Dear Dr. Linda,
My Mother, my next-door neighbor and I have been having an ongoing conversation about the merits of reading to toddlers every night before bed. Every evening, my mother read to me and my brother when we were little, and I have to say that we both enjoyed it. It was just part of our routine. My neighbor and I aren’t convinced that it really fits today’s busy schedules. And more learning opportunities are available for little kids than when we were children. After all, our mom didn’t work outside our home until we were both in school. My neighbor and I both work. Our children are lucky to be in an excellent pre-school which they enjoy. And we know that preschool teachers read to the kids every day. Isn’t that enough? Does reading out loud to young children really help them later on in school? The only thing the three of us agree on is that we don’t really know the answer. Has anyone actually studied this? Kate, Cindy, and Susan
Dear Kate, Cindy and Susan,
To reassure you, it’s not the end of the world if you aren’t reading to your toddlers every evening. They will probably do well in school and enjoy reading later on. And, as you say, the preschool teacher reads to them every day.
On the other hand, yes, we have lots of research that suggests reading to children every night before bed has major benefits. One of the main benefits that kids don’t get from listening to storybooks at preschool is the bonding between parent and child. Studies have found that many kids love sitting on mom or dad’s lap, the cuddling, and the cozy feeling of being read to. Some researchers believe that this creates an environment for learning to love reading. Kids associate the loving feelings they get from being read to with loving reading. Is this true for all children? Of course not.
Several studies show that reading to children also increases vocabulary. Although we may talk with our kids a lot, we tend to use the same words based on who we are and where we live. Books, on the other hand, come from all over the world, even storybooks, and are often about people who are different from us or about animals or make-believe. All of these situations introduce children to new words. It’s been shown that kids who have a large vocabulary do better in school than those with a limited vocabulary.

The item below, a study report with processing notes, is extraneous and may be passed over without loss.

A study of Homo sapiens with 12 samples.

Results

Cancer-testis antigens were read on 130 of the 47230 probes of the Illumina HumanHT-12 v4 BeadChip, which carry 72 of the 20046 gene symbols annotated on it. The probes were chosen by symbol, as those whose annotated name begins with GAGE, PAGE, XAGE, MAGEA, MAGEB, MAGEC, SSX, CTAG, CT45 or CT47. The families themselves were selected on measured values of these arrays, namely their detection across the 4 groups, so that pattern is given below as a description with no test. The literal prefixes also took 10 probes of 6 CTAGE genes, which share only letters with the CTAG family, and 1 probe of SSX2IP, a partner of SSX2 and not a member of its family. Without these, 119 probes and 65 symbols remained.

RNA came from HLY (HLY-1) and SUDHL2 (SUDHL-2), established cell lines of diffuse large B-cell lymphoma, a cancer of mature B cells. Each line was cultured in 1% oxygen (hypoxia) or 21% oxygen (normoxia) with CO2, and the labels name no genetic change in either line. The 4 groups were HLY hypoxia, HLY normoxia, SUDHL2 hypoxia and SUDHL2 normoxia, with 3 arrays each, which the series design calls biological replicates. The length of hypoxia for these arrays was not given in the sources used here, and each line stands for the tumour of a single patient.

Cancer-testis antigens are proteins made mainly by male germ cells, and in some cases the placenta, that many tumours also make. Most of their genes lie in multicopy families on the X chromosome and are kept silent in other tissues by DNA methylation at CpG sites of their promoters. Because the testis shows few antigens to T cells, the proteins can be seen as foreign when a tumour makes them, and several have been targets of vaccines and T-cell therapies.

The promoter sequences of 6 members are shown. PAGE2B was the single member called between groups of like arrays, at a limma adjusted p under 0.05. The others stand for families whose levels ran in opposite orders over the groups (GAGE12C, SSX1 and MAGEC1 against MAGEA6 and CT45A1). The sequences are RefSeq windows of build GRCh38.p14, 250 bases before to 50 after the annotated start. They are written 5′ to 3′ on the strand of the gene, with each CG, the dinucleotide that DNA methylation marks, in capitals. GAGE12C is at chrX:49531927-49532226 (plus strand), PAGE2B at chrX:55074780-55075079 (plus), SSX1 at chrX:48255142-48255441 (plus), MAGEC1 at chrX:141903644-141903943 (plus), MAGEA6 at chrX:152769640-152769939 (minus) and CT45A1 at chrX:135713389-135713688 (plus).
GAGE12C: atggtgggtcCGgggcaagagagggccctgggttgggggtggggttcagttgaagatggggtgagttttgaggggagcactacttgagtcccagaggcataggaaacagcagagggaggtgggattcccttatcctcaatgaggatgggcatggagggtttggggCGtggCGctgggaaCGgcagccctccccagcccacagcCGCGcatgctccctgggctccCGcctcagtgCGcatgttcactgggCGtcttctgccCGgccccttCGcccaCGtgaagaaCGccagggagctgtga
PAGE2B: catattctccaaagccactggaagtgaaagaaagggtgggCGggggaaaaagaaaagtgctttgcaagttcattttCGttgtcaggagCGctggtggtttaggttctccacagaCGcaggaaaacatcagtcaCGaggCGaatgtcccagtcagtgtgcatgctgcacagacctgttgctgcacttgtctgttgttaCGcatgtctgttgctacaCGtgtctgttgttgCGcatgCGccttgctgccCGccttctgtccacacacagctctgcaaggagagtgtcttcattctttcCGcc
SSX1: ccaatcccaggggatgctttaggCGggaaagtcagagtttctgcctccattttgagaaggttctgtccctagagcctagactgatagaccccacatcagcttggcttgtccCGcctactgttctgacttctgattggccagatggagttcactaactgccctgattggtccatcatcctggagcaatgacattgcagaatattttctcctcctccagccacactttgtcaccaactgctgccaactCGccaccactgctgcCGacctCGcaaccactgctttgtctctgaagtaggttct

One of the most recent and fascinating studies shows that an important part of the brain is more active in children who’ve been read to. Scientists discovered through functional magnetic resonance imaging that the children who were read to and had books at home showed more activation in a part of the left hemisphere of the brain. This part of the brain is important for multisensory integration for both sound and visual stimulation.
Researchers think it’s possible that listening to stories may stimulate creativity in ways that cartoons and other kids’ TV shows don’t. When children hear stories, they have to imagine the scene in their minds beyond the picture on the page.
Because of this research, the American Academy of Pediatrics says that all pediatricians should promote literacy beginning at birth.
I know parents are busy these days and their kids are also. I’m not suggesting that you must read every single night. However, given the benefits of reading out loud to children before they go to school, I suggest you try to find time at least two or three times a week to read to your toddlers. If you can do more, that’s great. Mom and dad can take turns. When going out, they can ask the babysitter to read to the children. Be sure to provide plenty of books for little kids to look at even when nobody is reading to them.
Co-author of Why Bad Grades Happen to Good Kids and director of Strong Learning Tutoring and Test Prep, Inc. If you have any questions you’d like to share with Dr. Linda, email her at Linda@stronglearning.com.